In my Parish, the Crucifix hangs about midway down the center aisle.  As a somewhat recent convert to Catholicism, this image of our Lord was not part of my former Protestant visual language. It’s very curious to me that it wasn’t, now.  We had crosses of every shape and design. It’s just that Jesus’ body wasn’t on them. Of course, thousands of books and sermons about this difference have been written. I don’t need to add to that here. 

What I am reflecting on, as Ash Wednesday quickly approaches, is that moment (at least in my Parish) where everyone stands underneath that Crucifix, this visual language, and publicly acknowledges their sorrow for their sins.  We are acutely aware of our frailty and our mortality. We want to turn away.

For me, this moment before we receive the mark of ashes is one of such intensity.  The air is almost too heavy, but not full of dread. I can almost hear hearts beating.   Everyone there is concentrating….hard. The prayers hang in the air. We are about to leave some things behind.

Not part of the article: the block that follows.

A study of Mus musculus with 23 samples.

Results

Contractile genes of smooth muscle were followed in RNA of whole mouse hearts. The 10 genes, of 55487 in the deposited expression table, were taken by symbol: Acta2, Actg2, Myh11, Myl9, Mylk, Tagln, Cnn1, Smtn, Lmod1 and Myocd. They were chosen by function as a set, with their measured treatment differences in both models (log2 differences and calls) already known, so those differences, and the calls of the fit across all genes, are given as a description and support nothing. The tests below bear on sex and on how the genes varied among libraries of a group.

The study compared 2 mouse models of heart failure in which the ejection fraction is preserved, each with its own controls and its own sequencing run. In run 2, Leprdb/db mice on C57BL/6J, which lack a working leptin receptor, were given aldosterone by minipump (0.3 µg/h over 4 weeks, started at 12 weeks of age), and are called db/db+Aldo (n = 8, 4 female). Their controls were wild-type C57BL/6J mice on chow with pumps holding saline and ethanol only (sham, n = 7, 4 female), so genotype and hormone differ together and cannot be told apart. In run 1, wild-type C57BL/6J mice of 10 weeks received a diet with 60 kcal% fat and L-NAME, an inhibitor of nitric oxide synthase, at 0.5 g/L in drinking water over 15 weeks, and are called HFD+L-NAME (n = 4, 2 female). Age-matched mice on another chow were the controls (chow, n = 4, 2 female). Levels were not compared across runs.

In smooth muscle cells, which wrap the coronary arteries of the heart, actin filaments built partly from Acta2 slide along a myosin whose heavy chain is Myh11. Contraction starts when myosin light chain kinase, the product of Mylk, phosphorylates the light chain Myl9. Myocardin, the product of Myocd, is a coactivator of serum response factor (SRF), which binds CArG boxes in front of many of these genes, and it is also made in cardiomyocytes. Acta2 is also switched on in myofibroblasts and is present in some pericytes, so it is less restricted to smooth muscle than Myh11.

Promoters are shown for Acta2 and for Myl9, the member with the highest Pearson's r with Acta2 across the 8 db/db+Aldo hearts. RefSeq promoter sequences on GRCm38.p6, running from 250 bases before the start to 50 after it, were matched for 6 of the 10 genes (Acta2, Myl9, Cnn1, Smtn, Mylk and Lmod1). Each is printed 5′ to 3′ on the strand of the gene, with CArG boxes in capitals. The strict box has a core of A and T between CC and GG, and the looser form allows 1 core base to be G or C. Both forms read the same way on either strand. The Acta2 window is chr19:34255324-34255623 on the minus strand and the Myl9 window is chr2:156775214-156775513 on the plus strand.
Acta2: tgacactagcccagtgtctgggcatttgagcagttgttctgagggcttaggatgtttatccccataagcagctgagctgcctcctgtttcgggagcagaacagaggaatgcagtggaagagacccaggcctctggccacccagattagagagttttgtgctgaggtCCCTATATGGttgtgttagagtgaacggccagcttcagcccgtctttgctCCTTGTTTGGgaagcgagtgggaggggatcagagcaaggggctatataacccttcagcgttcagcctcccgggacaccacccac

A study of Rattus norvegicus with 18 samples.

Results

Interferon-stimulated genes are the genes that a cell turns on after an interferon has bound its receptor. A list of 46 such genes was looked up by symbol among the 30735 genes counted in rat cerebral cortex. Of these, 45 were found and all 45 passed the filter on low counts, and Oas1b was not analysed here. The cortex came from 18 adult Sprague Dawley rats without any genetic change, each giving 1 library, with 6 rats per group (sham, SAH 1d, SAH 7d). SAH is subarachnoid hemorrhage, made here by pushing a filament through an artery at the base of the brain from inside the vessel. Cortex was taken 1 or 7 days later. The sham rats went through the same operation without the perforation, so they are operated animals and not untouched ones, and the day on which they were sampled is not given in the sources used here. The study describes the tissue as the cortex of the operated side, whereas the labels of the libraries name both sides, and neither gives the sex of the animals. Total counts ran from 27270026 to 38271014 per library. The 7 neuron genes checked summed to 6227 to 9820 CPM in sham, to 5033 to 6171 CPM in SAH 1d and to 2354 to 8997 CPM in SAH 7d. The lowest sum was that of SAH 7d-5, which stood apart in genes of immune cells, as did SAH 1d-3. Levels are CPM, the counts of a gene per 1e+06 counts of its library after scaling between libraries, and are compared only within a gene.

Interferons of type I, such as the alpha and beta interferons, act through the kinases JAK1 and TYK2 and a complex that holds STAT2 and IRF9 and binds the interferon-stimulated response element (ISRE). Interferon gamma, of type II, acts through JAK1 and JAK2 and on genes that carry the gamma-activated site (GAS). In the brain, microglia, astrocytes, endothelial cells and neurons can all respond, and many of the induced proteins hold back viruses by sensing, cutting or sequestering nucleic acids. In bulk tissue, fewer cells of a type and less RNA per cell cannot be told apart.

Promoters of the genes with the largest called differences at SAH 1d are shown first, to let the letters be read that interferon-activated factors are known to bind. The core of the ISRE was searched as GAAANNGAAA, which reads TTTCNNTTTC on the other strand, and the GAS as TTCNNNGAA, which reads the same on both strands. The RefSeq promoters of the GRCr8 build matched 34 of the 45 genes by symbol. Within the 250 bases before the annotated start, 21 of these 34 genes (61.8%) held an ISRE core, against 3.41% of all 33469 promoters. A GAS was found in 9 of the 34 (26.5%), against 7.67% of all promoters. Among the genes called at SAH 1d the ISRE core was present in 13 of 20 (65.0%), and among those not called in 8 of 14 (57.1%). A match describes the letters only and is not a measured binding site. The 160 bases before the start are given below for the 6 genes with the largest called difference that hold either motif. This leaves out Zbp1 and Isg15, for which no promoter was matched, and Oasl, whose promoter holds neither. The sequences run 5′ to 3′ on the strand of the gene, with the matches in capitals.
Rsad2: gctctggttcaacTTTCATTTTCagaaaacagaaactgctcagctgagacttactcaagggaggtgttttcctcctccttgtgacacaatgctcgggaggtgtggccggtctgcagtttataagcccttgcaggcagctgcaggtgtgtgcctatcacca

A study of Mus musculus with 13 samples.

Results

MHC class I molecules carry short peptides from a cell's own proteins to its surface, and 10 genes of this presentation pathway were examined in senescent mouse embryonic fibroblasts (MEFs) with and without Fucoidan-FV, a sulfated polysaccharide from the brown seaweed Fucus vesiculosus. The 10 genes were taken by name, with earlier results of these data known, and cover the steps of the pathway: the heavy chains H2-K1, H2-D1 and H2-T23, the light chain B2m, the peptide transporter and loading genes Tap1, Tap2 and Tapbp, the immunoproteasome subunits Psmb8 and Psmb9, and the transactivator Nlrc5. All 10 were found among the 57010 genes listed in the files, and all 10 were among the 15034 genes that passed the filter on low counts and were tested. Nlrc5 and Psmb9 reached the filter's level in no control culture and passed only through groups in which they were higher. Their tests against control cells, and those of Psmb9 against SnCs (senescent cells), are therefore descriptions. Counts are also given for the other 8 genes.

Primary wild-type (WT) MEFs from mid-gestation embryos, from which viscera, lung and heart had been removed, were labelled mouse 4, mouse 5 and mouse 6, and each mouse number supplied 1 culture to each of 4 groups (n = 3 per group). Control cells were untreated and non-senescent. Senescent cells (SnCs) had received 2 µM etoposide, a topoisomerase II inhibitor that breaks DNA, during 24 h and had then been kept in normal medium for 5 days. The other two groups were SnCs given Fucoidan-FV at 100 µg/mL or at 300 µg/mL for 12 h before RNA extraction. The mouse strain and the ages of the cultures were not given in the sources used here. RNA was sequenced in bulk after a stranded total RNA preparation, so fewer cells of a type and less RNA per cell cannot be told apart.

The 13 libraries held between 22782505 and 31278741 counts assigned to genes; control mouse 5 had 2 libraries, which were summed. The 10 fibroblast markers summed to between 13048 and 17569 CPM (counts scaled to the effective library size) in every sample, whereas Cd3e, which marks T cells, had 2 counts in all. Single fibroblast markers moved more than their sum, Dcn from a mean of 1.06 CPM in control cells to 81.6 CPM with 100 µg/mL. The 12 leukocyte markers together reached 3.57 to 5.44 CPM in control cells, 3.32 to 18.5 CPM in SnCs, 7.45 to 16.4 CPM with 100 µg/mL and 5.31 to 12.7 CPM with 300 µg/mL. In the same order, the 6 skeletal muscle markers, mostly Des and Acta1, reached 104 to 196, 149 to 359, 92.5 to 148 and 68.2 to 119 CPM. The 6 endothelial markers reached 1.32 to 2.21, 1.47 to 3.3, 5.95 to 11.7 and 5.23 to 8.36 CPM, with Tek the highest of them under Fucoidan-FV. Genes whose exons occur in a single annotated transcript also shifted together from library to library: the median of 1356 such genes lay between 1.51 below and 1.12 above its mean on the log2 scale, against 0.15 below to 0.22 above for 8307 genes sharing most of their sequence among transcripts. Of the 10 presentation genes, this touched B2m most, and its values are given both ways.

I feel a tremendous sense of unity in this moment with those around me.  The high places are made low. The man I don’t know sitting next to me is my brother.  And, I am a member of this parish family. And, we do sin. We acknowledge it. We want to do better. 

A holy Protestant friend of mine once told me his Pastor said. “The Catholic Church is a works Church”.  Meaning, as I understand it, that its faithful do good works and penances to help save their souls, Christ being not quite enough to do that. So much misinformation…..and then, it occurred to me…..of course, the Crucifix hanging above me!  

For it isn’t about any prayers, fasting or good works I hope I will do this Season of Lent.  Christ alone saves souls. I will never save myself. For me, Ash Wednesday is a response. The Crucifix depicts the greatest gift ever given.  And as my Parish Priest Fr. Slowiak says frequently, “And what is our response?” Penance is one kind of response. There are so many kinds….even silence instead of voicing a remark. 

The Holy Season of Lent has many facets and moments to reveal to us. I pray that you and I will watch and wait for them, and respond in a Christlike way.  Prayers, Fasting, Almsgiving~ all excellent responses. Humility, thoughtfulness, concern, simplicity~also very good. Forgiveness~perhaps that may include ourselves.  It’s almost time…so let’s go on this journey of Lent together….unified. A family.

– by Bruce LaCrosse

As is my custom, I share a sketch I have done on this theme.